5 Things That Make Endometriosis So Unique
I remember feeling so incredibly relieved when I received my diagnosis of endometriosis. Naively, I thought: "it's over". I knew going into it that excision surgery was not a cure for endometriosis, but I thought it would be an end to so many struggles I faced.
A different kind of struggle
The struggle of dealing with agonizing symptoms that appeared randomly, and having to explain to other's what was happening. To my family, to my friends, to my co-workers, and even to my doctors. I thought "once I receive this diagnosis once and for all-that burden is gone". The burden of educating everyone on your chronic condition, that is. But I was wrong. That burden did not go away. Rather, I was given a diagnosis (a name to describe my condition) that many misunderstood and misconstrued. A word that perfectly described my every feeling and symptom, yet did not translate to those who have not experienced it themselves.
I still was pressed with the task of educating my doctors, the ones who should have been providing the health education to me. Reminding them all, for the hundredth time, that "yes, endometriosis does cause bloating".
So what is it that makes endometriosis so unique?
For starters, it is an incurable illness with no known cause, no universal screening tool, no universal guideline of care, and no satisfactory treatment. Even the gold standard treatment, excision, has unattractive outcomes of reducing symptoms in 50% of endometriosis sufferers.
It is one of few diseases where practitioners do not even agree on the definition of the disease. Some state endometriosis is a condition that occurs when the endometrium, cells which line the uterus, are found outside the uterus. And some state it is a condition in which cells "similar" to those which line the uterus are found outside of the uterus. Neither researcher can agree on the definition of the disease, but both agree that it is a type of tissue found outside the uterus.
Given that endometriosis is, by definition, a condition occurring outside of the uterus, isn't it strange that one of the main treatment recommendations is a hysterectomy? It is very common to remove the uterus in hopes of treating endometriosis, but having understood the definition of the disease, it is easy to see how implausible and ineffective this treatment actually is.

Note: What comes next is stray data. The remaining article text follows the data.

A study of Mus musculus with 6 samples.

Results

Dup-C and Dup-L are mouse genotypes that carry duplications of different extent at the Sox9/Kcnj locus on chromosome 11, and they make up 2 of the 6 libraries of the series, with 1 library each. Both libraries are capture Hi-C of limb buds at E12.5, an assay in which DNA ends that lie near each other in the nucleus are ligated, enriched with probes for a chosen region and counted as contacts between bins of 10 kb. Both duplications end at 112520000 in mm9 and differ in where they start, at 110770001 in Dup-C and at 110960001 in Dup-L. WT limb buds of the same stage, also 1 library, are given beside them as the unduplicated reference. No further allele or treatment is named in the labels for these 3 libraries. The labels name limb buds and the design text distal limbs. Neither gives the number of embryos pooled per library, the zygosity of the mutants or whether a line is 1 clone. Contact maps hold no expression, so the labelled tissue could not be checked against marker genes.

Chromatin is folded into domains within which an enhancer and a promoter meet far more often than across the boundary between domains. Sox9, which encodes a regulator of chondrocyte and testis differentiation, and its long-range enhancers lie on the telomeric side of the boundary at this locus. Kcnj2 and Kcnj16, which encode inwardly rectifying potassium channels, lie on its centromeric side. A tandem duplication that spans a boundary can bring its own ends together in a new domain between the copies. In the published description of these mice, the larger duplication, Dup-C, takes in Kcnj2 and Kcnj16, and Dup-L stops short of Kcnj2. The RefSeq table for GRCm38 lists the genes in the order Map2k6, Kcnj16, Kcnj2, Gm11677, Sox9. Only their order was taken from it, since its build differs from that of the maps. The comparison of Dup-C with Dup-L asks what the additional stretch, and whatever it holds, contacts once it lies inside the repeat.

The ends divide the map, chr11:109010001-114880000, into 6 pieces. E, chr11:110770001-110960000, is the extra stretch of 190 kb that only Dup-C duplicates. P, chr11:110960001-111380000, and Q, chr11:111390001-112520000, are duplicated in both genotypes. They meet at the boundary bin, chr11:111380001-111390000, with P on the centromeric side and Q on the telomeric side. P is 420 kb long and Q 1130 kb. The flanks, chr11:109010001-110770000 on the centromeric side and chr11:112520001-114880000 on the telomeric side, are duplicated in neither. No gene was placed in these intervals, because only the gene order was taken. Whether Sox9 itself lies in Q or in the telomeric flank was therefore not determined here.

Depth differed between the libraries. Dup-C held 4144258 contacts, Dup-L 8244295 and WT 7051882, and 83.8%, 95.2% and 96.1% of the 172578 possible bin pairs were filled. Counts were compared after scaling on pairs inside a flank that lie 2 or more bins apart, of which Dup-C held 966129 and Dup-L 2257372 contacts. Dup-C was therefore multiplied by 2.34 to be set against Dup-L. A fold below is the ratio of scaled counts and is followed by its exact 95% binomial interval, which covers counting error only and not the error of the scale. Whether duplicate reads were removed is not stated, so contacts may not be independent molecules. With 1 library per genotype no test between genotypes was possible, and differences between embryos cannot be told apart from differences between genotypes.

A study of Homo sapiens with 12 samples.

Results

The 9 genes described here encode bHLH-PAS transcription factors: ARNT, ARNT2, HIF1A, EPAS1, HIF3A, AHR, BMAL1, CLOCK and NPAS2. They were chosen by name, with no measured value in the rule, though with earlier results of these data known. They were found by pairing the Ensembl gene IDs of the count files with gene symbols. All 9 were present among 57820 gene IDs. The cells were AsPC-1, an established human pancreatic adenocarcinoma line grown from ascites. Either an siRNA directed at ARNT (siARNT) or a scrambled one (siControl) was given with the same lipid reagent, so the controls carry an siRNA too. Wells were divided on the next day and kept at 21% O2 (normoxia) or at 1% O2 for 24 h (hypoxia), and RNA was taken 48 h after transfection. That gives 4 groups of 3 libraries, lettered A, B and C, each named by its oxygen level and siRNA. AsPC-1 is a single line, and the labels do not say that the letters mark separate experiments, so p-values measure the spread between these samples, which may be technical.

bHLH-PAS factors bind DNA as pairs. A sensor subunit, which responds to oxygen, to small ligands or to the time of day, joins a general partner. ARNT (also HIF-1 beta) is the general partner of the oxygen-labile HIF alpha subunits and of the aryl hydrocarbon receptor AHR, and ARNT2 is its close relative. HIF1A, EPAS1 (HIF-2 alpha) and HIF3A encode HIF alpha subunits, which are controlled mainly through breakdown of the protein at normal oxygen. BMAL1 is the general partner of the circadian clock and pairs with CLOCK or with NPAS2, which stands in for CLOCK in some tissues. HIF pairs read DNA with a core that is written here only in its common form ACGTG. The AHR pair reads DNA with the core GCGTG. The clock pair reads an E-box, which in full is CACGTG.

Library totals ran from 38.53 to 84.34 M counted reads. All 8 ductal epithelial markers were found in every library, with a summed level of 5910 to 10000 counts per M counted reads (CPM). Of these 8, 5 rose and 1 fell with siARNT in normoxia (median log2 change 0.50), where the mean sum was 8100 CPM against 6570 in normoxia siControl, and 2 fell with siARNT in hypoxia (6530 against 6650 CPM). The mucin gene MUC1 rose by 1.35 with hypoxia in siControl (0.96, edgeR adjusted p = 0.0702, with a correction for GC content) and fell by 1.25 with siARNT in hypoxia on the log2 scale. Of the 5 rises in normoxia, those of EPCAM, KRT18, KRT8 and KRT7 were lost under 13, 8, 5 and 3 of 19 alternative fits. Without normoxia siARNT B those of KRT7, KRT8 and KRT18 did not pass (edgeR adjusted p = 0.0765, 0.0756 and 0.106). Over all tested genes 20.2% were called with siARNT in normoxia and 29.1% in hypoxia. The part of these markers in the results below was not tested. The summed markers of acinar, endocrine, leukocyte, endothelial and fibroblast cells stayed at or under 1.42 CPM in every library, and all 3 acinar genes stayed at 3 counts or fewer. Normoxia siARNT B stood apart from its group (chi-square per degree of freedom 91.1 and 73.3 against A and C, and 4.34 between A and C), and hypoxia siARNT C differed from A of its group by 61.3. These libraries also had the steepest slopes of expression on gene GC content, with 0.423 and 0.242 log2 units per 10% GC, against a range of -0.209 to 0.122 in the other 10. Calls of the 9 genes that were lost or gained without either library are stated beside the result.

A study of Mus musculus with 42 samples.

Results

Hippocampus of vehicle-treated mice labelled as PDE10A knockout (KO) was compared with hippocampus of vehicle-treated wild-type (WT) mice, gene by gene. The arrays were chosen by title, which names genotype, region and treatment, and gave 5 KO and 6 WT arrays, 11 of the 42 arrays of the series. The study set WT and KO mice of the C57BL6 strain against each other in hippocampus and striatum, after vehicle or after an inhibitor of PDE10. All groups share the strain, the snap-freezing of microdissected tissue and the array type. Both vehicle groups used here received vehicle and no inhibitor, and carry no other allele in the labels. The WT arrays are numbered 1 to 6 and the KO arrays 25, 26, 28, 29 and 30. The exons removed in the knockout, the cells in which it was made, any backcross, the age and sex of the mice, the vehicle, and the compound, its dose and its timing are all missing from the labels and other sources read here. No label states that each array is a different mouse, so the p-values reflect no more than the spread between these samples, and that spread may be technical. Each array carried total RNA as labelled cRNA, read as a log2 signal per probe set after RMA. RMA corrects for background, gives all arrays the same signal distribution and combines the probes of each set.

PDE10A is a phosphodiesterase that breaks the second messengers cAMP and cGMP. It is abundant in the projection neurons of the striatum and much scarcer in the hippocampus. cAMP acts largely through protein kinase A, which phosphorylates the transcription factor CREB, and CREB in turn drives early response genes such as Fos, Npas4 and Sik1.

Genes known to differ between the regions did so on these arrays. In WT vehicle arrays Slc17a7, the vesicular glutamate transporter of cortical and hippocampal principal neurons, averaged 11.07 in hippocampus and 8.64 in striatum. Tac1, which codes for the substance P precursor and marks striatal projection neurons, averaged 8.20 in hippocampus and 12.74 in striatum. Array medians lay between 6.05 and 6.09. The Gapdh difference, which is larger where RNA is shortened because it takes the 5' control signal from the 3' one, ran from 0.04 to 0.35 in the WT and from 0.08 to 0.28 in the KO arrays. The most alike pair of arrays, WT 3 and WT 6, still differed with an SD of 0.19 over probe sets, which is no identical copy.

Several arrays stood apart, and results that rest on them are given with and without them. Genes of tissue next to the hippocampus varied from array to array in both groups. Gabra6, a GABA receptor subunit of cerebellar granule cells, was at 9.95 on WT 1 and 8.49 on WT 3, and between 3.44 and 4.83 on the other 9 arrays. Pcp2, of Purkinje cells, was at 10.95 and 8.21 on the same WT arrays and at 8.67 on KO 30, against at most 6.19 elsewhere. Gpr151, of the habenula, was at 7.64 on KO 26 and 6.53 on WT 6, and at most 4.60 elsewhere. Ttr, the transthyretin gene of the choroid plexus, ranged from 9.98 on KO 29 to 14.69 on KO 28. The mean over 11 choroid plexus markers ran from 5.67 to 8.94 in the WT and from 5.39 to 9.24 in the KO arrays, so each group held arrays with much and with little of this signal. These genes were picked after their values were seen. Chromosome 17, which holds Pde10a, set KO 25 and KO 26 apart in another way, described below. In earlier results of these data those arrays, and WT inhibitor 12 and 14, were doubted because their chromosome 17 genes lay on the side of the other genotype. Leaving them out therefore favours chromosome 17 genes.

While some may find relief of symptoms, such as heavy periods, once a hysterectomy is performed, it is not a sound treatment. Removing the uterus does not remove the remaining endometriosis lesions that are implanted in the rest of the body, and it does not stop the progression of the disease.
3. Dietary Recommendations
Another flaring irony specific to endometriosis is in regards to diet. Those with endometriosis typically have low iron, due to abnormally heavy periods. And yet, they are told to avoid red meat, a wonderful source of iron, due to red meat causing symptomatic flares.
Those with endometriosis are also told to eat a diet high in fruits and vegetables, when the extreme bloating that is associated with endometriosis often makes that near impossible. Endometriosis causes tremendous digestive symptoms such as food sensitivities, bloating, gas, diarrhea, constipation, reflux. Due to the chronic inflammatory nature of the disease, it can also cause secondary conditions such as IBS and SIBO.
Simply recommending a change in diet is often not satisfactory for endometriosis patients. A much better approach would be working with a dietitian and individualizing an anti-inflammatory diet.
Mentioned previously, excision surgery is the gold standard treatment for endometriosis. It is often recommended to primarily remove endometriosis, but to also remove adhesions that have formed due to the disease process.
One huge risk to this type of surgery is the formation of adhesions, and one can often find themselves in a cycle. Have surgery for adhesion removal - adhesions form- have surgery for adhesion removal- adhesions form and so on.
While there are numerous factors involved in adhesion formation, and strategies surgeons can follow to reduce adhesion formation, they are a direct consequence of excision surgery. There is greatest risk of adhesion formation from endometriosis itself, however, it is worth noting that adhesions will likely be part of one's endometriosis journey, one way or the other.
Perhaps one of the most daunting facts about endometriosis is just how little is known about it! It is known that 1 in 10 women have endometriosis, which translates to about 176 million women worldwide.
That is the same amount of women who have diabetes, and yet there is drastically less research for endometriosis compared to diabetes. Take a quick second and go to PubMed. Search "endometriosis", write down the number of results. Then search for "diabetes". Do you see the gaping difference? There is over 25x more research concerning diabetes than endometriosis.
And the effect does not stop there. That translates to poor patient outcomes, poor quality of life, poor insurance coverage and reimbursements, poor medical training, and poor awareness of the disease in the general public.
Learning more about endo
Endometriosis is so unique in all of the ways it is misunderstood: from its definition to its treatment. It is so incredibly pervasive in the lives of those who have it, yet so neglected in literature and in medicine. It's an invisible illness not because it cannot be seen, but because no one knows what to look for. Endometriosis may always be a unique disease, but it doesn't have to be so foreign if we'd only just learn a little more about it.